Flick Colby, who died on May 26 aged 65, was the driving force behind the dance troupe Pan's People which appeared weekly for eight years on BBC Television's flagship chart show Top of the Pops and carved its own distinctive niche in British pop culture.
A trained ballet dancer from New York, Flick Colby formed Pan's People in 1966 and originally performed with the group herself. But she preferred to remain out of the limelight and concentrated on choreographing the other five members.
Before the age of the music video, Pan's People furnished the visual entertainment when important artists could not appear on the show. They were not the first such group to appear on the programme -- they were preceded by the Go-Jos -- but they were the first set of dancers to perform exclusively on Top of the Pops.
Clad in skimpy miniskirts, hot pants, bikinis or eye-catching bell-bottoms, the girls' weekly gyrations ranged from raunchy disco moves to balletic and lyrical routines of remarkable grace and beauty. Flick Colby's own free dance solo to accompany Simon and Garfunkel's Bridge Over Troubled Water in 1970 attracted particular critical acclaim.
But Pan's People were best known for strutting their stuff in an overtly sexual way never before seen on television. The group's weekly appearance triggered what Ian Gittins, in his History of Top of the Pops (2007), described as a "national hormonal tsunami". He added: "It's hard to overstate the effect that the spectacularly nubile Pan's People had on the UK's pop-loving pubescent males."
Flick Colby agreed that the group flaunted their sexuality, but pointed out that attractiveness is a showbusiness commodity. "Personally," she said, "I was always flattered to be called a dolly bird."
Not everyone, however, was enthusiastic: an outraged Mary Whitehouse of the National Viewers' and Listeners' Association wanted their risqué costumes banned, while feminists vilified Pan's People as a soft porn act pandering to male fantasies.
Even Tony Blackburn, one of the Radio 1 disc jockeys who presented Top of the Pops, considered them little more than "a dodgy dance act" and Flick Colby "a real cold fish".
Nevertheless, under her direction, Pan's People came to be as synonymous with the programme as the cigar-chomping Jimmy Savile and the pounding Led Zeppelin theme tune.
Felicity Colby was born in the United States on March 23, 1946, the daughter of a university professor, and grew up at Clinton, a small college town in upstate New York. Educated at Andover, New Hampshire, she took ballet and dance lessons in Boston before joining a repertory theatre company, where she met her first husband.
Anxious to experience the "swinging London" phenomenon of the mid-Sixties, the couple moved to England. When her marriage failed, Flick Colby found work on the BBC show The Beat Room. She also performed as a go-go dancer in a Soho nightclub.
In 1966 Colby joined five other dancers -- Babs Lord, Ruth Pearson, Dee Dee Wilde, Louise Clarke and Andi Rutherford -- in a new all-girl troupe. But when they appeared on Dutch and Belgian television, the presenters were defeated by the group's original name, Dionysius' Darlings, and they became Pan's People instead.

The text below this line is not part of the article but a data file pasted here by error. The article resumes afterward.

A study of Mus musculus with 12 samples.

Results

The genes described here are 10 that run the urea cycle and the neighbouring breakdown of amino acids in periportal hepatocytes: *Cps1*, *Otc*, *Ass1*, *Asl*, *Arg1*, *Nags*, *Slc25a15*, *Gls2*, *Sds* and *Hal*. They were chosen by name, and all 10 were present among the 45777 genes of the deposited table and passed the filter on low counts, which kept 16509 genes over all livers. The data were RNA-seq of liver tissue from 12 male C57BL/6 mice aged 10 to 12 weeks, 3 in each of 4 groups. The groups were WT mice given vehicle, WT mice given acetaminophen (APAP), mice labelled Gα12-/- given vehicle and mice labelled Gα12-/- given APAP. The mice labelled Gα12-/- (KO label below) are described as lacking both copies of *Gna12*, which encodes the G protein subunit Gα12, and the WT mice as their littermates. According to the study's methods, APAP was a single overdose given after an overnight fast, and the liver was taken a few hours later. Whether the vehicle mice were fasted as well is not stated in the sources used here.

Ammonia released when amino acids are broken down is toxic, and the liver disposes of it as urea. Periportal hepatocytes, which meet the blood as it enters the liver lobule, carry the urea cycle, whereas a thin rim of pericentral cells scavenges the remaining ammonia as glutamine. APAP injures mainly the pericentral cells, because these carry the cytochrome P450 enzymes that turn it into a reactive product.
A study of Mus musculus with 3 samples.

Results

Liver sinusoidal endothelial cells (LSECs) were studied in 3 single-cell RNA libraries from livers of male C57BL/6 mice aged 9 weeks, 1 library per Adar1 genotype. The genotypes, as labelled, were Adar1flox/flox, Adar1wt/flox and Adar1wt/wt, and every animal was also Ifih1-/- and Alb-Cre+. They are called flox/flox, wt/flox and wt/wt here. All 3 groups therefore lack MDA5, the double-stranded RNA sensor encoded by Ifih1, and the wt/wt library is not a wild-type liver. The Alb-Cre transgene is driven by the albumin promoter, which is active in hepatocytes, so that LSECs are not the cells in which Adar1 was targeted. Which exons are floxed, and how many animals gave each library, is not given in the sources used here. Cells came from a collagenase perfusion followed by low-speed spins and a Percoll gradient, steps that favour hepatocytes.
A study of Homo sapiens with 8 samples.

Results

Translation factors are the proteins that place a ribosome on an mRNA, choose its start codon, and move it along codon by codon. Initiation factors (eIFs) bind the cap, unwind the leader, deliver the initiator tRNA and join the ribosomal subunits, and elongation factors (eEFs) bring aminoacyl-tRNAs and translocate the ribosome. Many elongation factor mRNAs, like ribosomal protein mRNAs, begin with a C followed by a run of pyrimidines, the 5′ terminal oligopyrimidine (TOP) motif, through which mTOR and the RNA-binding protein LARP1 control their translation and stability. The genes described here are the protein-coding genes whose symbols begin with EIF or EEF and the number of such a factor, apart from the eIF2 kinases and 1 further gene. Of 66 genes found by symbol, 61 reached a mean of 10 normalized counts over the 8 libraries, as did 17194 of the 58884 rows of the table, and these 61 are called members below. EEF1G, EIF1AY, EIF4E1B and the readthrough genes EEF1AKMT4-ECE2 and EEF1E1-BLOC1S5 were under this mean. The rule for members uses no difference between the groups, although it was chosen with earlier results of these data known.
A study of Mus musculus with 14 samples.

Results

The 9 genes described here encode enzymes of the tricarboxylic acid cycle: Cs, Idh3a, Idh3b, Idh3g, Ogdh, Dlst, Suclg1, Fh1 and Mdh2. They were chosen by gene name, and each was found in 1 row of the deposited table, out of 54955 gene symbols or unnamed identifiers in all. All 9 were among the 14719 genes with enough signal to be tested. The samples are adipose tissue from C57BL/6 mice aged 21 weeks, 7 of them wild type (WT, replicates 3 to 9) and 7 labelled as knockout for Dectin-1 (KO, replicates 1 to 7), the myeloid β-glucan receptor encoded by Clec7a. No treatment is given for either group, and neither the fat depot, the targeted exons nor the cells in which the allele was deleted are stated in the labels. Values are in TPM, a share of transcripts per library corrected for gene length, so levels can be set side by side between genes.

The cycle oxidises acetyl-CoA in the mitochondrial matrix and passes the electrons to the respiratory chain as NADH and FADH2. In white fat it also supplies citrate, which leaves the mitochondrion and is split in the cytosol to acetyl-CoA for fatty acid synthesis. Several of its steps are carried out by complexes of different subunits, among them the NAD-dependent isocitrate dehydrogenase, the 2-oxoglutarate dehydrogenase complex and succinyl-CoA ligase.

The girls based themselves on The Beatles, each member having a different look and personality. When they returned to Britain in 1968 they were booked on Top of the Pops and soon became a weekly fixture on the show.
Although regarded as national heart-throbs, the girls were paid the Equity minimum of £56 a week. When the Prince of Wales visited the Top of the Pops studio, they were ordered to hide because their costumes -- they were dressed as mermaids in gossamer -- were considered too skimpy for the royal eye.
The weekly pop chart was published on Tuesday and Top of the Pops was recorded on Wednesdays, leaving Colby one day to devise and rehearse a six-handed routine to perform on national television. As a result, their range was severely limited. "They weren't Broadway-standard routines," Colby confessed. "We were definitely doing watercolours, not oil paintings."
Shortage of time also explains the clunkily literal moves the group sometimes included. During the Osmonds 1974 hit I Can't Stop, Pan's People danced beneath four sets of traffic lights, which turned red on the word "stop". For Monster Mash, they appeared as werewolves; and for Norman Greenbaum's Spirit in the Sky they wore angels' wings.
Although at first Flick Colby was both choreographing the routines and dancing with the group, she later retreated behind the scenes, directing the girls and the cameras from the studio gallery during their weekly number. Their last appearance on the show was in April 1976, dancing to Silver Star by The Four Seasons.
When the group split, Ruth Pearson joined Flick Colby to run and choreograph Ruby Flipper, a mixed-gender troupe which danced on Top of the Pops, until a BBC boss complained that he wanted another all-girl group. But the new line-up, named Legs & Co by a viewers' poll, never earned the same degree of public affection.
Flick Colby finally persuaded Top of the Pops to let her include some men, and she formed Zoo, a group of some 20 dancers which appeared irregularly on the show until the early Eighties. By then, with record companies offering the BBC free promotional videos, dance troupes seemed superfluous.
Returning to the United States in 1984, Flick Colby bought a farm in New York State and worked part-time in a novelty shop.
When her second husband, George, died earlier this year, she was already seriously ill with cancer.